Why ‘Doing Nothing’ Can Actually Make You More Productive
Being productive when your to-do list is endless often means making difficult choices about what comes first, and “nothing” rarely gets a place on that priority list.
But though it might seem counterproductive, behavioral scientists believe that introducing the option of doing nothing into a set of choices helps you get more done. (Click here to tweet this thought.)
Alter your decision-making technique
Research conducted by Wharton and Georgia State University professors shows that we can induce desirable outcomes by simply altering our decision-making technique.
Behavioral scientist and lead researcher Rom Schrift explains that it can be useful to allow ourselves the luxury of a “do-nothing” alternative, because it teaches us something about our preferences and motivates us to see goals through to the end.
It sounds counterintuitive because we assume that the option of doing nothing reduces persistence. However, if I choose something, I learn about my preferences. Just knowing that fact helps us persist longer when there’s adversity or hardship. — Schrift
For instance, if you give yourself the option of going to the gym after work or jogging before work, you might choose the second option, but without knowing why. You’d probably do your best to stick with the new routine for a week or two, but give up once the novelty wears off.
But if you’d given yourself the option of not doing any exercise at all and still picked the morning jog, you’d be more likely to push through the adversity because you know you’d rather jog than not exercise at all.
By simply rephrasing the question, you learned something about your attitude and preferences.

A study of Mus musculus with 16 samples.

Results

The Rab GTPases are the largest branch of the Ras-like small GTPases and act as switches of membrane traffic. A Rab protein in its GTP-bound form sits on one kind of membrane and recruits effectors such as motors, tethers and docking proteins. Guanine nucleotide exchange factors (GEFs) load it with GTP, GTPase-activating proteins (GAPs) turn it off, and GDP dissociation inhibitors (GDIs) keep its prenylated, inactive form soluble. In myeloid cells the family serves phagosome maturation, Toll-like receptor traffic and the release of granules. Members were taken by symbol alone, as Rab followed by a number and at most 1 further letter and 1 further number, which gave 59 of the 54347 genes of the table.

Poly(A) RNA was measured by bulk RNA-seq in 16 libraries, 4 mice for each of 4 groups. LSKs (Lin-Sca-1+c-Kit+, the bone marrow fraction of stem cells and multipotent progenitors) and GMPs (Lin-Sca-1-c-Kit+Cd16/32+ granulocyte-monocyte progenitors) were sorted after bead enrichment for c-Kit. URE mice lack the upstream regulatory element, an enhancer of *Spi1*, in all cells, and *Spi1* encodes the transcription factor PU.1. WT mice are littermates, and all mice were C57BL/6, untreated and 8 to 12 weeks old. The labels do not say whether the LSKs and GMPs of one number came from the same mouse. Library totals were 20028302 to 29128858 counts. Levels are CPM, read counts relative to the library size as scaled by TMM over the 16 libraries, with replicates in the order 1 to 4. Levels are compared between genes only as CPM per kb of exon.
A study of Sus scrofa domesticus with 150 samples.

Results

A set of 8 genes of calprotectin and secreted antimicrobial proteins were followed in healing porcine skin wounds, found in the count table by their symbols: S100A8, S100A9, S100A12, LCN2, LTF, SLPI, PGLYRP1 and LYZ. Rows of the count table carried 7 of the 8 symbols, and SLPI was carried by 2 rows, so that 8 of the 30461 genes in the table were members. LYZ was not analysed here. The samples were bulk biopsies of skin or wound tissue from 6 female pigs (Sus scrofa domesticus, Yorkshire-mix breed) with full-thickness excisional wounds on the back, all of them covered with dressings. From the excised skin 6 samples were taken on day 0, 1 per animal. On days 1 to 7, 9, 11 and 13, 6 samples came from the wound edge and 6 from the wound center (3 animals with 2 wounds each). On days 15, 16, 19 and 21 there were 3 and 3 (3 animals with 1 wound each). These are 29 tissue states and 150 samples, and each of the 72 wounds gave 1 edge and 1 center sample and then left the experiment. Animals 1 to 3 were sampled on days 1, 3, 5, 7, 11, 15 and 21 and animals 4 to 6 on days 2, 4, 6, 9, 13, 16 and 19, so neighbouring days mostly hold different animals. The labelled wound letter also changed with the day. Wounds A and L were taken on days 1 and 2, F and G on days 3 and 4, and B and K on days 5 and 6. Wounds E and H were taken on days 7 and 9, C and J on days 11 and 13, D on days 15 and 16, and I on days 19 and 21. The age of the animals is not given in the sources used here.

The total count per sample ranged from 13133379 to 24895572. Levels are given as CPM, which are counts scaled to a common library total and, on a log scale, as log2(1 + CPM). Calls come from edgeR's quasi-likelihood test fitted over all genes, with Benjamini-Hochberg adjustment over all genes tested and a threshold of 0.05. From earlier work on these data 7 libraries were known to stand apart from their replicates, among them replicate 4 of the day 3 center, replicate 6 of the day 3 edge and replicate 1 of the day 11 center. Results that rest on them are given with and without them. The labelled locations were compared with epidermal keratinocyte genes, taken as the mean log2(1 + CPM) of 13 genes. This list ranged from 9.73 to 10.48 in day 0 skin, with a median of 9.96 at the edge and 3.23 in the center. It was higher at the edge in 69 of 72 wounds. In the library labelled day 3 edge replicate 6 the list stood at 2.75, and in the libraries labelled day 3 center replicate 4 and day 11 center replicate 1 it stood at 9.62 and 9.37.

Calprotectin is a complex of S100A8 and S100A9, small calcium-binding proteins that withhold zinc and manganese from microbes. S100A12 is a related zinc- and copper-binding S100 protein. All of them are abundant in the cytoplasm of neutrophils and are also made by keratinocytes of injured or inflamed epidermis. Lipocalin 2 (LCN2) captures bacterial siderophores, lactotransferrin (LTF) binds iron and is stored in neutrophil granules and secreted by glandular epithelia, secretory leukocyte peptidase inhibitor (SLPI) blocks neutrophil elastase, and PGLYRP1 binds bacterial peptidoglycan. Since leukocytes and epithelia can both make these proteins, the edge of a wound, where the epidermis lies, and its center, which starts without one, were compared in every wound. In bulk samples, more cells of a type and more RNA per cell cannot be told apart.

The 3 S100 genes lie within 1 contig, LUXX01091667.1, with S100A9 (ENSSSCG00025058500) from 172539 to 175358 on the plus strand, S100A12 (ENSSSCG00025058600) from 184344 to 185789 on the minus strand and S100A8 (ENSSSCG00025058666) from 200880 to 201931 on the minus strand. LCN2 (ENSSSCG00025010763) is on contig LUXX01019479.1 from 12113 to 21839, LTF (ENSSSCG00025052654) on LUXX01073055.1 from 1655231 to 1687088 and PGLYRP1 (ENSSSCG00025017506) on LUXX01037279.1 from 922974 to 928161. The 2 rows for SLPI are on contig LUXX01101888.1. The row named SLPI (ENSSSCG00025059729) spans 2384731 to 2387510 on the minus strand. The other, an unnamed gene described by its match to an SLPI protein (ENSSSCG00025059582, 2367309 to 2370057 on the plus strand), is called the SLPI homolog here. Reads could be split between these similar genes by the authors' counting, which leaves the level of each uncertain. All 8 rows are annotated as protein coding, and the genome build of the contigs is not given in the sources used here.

What you think and do becomes your truth
These findings tie in with the self-perception theory, which says we draw conclusions about who we are from the behaviors we engage in.
If you ever returned a lost wallet, you probably told yourself you did it because you’re an honest person. But a more likely explanation for your good deed is that you felt subtle outside pressure to return the wallet — perhaps you wanted to impress those around you.
Because you fail to recognize this pressure, you draw the conclusion that you’re honest and kind, and as a result, you begin to modify future attitudes and actions to match this self-perception.
To test the theory, Schrift and his colleagues carried out three separate experiments to observe people in different conditions. One was a forced-choice condition, where participants had to pick between choices A or B. The other was a no-choice condition, where they could choose between A, B or nothing.
In each case, the researchers found that when they had the option of doing nothing, participants became more tenacious. But there was one catch: the no-choice option had to be presented alongside the A or B choices. If presented first, it didn’t help participants perform better.
Applying the no-choice learning mechanism in your everyday life
We can learn to bolster goal attainment by merely giving ourselves the option of doing nothing, and this is a learning mechanism that can be applied in many different scenarios.
Sticking to a diet, regularly visiting the gym and working through personal or professional challenges are all instances in which persisting is beneficial and important. By using the right incentive structures, one can drastically reduce or eliminate the tendency of opting out, while maintaining the positive impact that no-choice options have on persistence.” — Schrift
When it comes to helping other people accomplish what they set out to do, the researchers suggest adopting an approach of giving people a “do-nothing” option whenever possible.
This way, when the going gets tough, or someone is ready to give up, you can remind them that the path they chose was voluntary: They didn’t have to do it; they wanted to.
Marianne Stenger is a writer with Open Colleges, one of Australia’s leading online education providers. She writes about everything from lifehacks and career advice to learning tips and the latest research in education. You can connect with her on Google+ and Twitter, or view her latest articles here.